Cold Weather Grilling



Our two grills, shortly after lighting.Well, it’s officially winter break: it’s sleeting outside, I’m putting off wrapping gifts, and I’m at my parents house with very little to do.  I had a pretty decent semester, and my one class (Advanced WWW Technologies) is now complete, so I can focus full time on my master’s work.  In a sort of neat twist, however, my course-long project was to build a graphical front-end for my the software I’m building (currently named λ (lambda) — discussed in the preceding post as well).  That user-interface is now complete, and at some point I’ll post up a link to the server I have which runs λ.  That day is not today, however.  Today is a day for discussing winter grilling.

I know a lot of people aren’t big fans of winter, which bums me out, because it’s my second favorite season (the top slot goes to Fall).  I understand a lot of the complaints — being cold is lame, you’re not on summer vacation, and it’s not very pleasant outside so your ability to do fun stuff is restricted.  While all of these are valid, one particular fun activity, grilling, has not ceased just because it’s below freezing outside.

During the summer, my roommate(s) and I got into the habit of grilling every week on Sunday.  We’ve continued this tradition as the months progressed, and are planning on trucking through the winter.  We have a cookbook on simple grilling recipes, and they’re really pretty good — a recent weekend’s menu was chipotle-peach glazed chicken and buttered new potatoes, for example.  Grilling in inclemency takes a bit more effort than your standard Memorial Day weenie roast; there are in fact several unique factors to consider.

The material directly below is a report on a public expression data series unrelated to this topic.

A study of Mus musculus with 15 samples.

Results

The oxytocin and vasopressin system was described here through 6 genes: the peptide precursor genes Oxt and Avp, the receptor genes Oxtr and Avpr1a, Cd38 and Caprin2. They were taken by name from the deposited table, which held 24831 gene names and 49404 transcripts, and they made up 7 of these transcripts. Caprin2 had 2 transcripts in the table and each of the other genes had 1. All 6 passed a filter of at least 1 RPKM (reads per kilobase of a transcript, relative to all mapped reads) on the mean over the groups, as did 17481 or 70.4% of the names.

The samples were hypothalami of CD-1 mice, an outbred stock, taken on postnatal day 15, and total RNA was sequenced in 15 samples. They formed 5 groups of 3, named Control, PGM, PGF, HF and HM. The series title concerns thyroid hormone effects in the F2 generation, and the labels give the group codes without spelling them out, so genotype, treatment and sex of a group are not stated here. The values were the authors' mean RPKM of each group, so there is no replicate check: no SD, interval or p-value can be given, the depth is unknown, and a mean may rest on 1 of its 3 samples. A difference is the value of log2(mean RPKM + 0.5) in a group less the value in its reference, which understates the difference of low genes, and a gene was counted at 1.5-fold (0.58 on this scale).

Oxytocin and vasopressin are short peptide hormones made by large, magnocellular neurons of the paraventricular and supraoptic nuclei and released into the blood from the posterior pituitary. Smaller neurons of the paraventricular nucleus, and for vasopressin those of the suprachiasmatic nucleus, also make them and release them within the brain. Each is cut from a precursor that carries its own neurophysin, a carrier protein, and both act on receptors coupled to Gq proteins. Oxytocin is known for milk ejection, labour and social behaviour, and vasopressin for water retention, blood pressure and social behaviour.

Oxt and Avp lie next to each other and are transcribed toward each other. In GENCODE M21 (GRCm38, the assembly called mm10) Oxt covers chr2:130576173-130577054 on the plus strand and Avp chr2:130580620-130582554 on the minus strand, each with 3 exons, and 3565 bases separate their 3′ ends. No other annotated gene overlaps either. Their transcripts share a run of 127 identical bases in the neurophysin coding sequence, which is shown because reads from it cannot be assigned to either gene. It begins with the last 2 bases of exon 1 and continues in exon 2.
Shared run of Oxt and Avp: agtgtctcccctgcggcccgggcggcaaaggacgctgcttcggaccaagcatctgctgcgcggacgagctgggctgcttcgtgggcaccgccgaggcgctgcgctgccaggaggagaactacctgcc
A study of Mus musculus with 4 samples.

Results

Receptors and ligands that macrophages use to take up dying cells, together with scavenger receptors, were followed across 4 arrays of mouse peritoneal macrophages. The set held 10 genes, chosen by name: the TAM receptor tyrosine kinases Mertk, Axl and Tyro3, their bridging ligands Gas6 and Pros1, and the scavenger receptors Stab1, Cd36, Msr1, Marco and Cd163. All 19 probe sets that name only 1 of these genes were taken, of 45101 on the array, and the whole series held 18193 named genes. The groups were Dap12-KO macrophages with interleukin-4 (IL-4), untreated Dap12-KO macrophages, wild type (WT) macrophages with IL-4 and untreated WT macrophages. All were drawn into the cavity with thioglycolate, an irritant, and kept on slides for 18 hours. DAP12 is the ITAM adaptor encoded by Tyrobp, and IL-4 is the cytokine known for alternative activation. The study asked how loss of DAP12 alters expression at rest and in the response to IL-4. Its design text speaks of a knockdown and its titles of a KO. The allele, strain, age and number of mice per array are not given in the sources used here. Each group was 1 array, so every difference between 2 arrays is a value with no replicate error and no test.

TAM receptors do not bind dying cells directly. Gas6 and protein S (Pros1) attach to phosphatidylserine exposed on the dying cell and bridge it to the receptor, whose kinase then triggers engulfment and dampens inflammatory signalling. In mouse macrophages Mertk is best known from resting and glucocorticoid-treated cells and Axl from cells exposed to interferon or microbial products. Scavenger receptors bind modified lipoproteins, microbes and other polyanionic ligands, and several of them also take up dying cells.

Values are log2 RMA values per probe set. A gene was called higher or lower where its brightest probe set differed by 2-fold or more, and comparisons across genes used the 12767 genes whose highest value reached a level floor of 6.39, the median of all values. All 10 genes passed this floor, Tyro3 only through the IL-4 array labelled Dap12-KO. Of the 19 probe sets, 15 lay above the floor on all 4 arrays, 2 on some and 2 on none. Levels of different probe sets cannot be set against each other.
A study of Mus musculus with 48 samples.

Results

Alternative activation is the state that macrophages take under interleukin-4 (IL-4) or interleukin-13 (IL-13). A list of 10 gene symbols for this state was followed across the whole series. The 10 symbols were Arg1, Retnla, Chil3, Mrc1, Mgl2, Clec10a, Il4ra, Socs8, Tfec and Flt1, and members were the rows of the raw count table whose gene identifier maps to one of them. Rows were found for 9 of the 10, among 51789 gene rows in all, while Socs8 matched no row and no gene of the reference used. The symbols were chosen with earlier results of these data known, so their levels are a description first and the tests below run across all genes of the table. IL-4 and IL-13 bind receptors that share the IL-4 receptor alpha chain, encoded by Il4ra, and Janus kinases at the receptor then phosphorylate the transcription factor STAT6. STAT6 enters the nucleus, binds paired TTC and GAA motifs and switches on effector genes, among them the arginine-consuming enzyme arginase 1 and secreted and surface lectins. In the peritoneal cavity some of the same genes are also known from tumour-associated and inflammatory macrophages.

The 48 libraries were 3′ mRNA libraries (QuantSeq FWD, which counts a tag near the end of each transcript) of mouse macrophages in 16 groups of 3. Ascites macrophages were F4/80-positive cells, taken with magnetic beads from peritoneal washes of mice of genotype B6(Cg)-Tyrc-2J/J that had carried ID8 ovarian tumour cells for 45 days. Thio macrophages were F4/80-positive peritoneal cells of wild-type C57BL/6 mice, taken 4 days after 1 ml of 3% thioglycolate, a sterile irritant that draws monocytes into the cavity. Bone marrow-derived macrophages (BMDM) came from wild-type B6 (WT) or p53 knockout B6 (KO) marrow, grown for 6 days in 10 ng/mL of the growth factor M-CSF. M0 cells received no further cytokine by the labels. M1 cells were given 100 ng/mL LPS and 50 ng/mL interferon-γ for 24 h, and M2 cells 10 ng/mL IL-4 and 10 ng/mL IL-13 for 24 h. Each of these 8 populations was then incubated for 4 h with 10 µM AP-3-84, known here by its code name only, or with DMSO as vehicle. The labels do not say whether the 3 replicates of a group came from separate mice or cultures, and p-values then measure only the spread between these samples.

First, there’s wind / rain / snow which can slow down your fire when it’s first getting lit.  Second, there’s the fact that it’s considerably colder outside — note that both this and the first factor can be remedied by adding more charcoal briquettes (propane is lame) to get stuff up to the appropriate temperature.  Third, you have to wear more clothing while lighting the fire and tending the grill, and this clothing gets smoky.  This happens during the summer, too, but I have a lot more t-shirts than I have hoodies and coats.

There is one definite advantage to grilling in the winter, however, and that’s that no one else is using their equipment.  When our friends retired their grills for the season, they donated / loaned some of their equipment to us, so we now have a smaller, secondary grill we use for heating up our side dish while the proverbial “big meat” roasts on the main grill.